A/B Testing Idea #65 - Reduce the left digit by one and minimise the digits after the decimal
Reducing your price by one cent or penny can make all the difference when it results in the left digit going down by one. Whereas $3.89 to $3.87 wouldn't be of any consequence $4.00 to $3.99 definitely would.
This is because people read numbers from left to right and the very first digit on the left is the one that we use to gauge the size of the figure. So $3.99 is "in the 3 dollar area" whereas $4.00 is "in the 4 dollar area". Suddenly, that's a difference of a whole dollar! The higher the numbers, the more significant the difference will be perceived to be as well.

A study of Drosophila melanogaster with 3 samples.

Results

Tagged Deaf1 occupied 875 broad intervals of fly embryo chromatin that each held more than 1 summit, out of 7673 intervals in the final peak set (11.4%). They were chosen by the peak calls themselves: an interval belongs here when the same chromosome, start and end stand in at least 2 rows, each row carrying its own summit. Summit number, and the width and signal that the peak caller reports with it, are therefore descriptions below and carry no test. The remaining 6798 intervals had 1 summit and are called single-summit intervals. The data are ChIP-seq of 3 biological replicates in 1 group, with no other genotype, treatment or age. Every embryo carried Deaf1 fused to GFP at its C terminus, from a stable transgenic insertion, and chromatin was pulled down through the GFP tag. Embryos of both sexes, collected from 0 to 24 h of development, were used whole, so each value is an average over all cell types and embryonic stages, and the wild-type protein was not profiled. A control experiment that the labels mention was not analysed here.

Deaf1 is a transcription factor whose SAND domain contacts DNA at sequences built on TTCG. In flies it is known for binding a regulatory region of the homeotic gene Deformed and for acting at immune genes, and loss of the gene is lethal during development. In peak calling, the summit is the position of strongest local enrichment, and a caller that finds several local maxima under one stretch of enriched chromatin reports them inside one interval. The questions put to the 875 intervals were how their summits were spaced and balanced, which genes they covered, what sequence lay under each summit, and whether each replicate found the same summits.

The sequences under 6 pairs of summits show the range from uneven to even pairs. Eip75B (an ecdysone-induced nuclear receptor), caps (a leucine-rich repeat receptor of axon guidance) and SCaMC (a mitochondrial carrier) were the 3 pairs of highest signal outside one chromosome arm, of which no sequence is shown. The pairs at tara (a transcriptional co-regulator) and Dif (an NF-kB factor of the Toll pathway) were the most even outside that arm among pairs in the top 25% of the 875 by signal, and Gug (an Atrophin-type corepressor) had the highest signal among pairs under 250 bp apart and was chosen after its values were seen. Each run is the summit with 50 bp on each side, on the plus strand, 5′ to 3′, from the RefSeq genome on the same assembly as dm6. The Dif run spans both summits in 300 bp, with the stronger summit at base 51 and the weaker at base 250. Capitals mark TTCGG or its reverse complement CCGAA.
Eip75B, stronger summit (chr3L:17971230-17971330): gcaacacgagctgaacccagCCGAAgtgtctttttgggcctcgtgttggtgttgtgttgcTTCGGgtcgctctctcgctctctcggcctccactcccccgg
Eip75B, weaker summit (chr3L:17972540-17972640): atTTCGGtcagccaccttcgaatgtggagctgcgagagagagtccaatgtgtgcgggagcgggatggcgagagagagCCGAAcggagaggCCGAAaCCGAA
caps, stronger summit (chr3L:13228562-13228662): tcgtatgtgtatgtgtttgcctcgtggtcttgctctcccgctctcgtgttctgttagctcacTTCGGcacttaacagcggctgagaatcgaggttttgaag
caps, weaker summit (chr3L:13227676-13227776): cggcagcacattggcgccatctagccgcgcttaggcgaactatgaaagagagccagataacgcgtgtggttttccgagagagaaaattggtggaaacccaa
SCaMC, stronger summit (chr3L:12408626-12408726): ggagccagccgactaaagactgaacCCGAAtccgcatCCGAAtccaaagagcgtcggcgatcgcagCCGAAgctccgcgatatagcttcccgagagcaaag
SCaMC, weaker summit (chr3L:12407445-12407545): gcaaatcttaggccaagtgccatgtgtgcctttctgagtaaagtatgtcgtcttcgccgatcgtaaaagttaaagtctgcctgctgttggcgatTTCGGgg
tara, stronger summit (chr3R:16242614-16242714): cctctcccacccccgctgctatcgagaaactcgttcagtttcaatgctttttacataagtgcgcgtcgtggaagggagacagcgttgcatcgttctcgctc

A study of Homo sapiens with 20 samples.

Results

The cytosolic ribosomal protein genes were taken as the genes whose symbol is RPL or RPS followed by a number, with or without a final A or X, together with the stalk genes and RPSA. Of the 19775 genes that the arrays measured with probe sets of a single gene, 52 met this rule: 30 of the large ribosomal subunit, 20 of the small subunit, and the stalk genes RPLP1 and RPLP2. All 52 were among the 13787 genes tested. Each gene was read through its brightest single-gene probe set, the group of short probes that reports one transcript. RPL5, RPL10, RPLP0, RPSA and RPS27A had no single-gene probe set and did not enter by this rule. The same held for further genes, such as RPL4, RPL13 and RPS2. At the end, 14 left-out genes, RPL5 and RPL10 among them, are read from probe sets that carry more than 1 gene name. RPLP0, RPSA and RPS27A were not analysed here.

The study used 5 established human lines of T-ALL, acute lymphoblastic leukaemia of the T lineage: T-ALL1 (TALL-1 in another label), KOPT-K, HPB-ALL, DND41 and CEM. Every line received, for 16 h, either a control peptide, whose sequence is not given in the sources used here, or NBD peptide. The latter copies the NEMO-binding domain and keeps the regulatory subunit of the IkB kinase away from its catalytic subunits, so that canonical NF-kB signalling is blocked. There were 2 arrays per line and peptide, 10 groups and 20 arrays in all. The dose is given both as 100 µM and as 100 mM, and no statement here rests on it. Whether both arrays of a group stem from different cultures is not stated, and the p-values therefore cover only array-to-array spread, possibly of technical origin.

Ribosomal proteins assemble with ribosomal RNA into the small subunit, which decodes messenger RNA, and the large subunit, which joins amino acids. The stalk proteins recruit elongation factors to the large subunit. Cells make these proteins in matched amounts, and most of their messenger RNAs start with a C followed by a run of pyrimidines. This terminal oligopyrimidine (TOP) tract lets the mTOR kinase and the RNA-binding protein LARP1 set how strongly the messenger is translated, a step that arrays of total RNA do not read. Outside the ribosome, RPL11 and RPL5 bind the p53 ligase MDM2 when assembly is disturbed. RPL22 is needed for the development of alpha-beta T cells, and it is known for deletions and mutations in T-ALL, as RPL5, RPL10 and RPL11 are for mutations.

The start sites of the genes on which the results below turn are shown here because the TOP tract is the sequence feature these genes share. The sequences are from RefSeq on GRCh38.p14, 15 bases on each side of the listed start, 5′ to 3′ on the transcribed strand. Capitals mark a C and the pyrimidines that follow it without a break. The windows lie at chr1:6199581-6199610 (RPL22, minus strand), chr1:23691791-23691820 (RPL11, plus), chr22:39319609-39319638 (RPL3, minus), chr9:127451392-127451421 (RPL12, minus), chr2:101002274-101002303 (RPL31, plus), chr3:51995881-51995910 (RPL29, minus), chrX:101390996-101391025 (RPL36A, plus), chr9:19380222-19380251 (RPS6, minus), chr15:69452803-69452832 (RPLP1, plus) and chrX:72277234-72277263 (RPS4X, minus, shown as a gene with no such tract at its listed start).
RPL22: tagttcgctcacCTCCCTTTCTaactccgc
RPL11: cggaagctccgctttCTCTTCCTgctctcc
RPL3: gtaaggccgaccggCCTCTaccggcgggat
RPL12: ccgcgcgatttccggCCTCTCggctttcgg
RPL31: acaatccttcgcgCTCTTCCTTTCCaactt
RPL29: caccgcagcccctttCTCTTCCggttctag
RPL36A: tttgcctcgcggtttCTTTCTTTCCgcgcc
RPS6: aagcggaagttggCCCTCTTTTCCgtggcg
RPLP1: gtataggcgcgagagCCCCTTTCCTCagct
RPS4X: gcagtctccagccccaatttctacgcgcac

To emphasise this even more, it is worthwhile reducing in a visual manner the numbers that come after the decimal point. Not only does this make them less visible and therefore place full attention on the first digit but it has been proven that we associate small visual stimuli with small numerical values (i.e. a small font for numbers can often be read to mean a small price).
Inspired by Nick Kolenda
- Perceived Value Pricing (Lee & Zhao, 2014; Poundstone, 2010; Mazumdar; Raj; Sinha, 2005; Thomas; Simon; Kadiyali, 2007)
- Magnitude Encoding Process (Oppenheimer; LeBoeuf & Brewer, 2007; Coulter & Coulter, 2005; Thomas & Morwitz, 2005)
Perceived Value Pricing
Perceived Value Pricing explains how our perceptions of a price and its value can be altered depending on how it is presented to us.
Magnitude Encoding Process
The way in which we perceive pricing can be affected by the way in which it is presented to us and so making use of size, placement or colour, for example, can influence how small the price appears to be.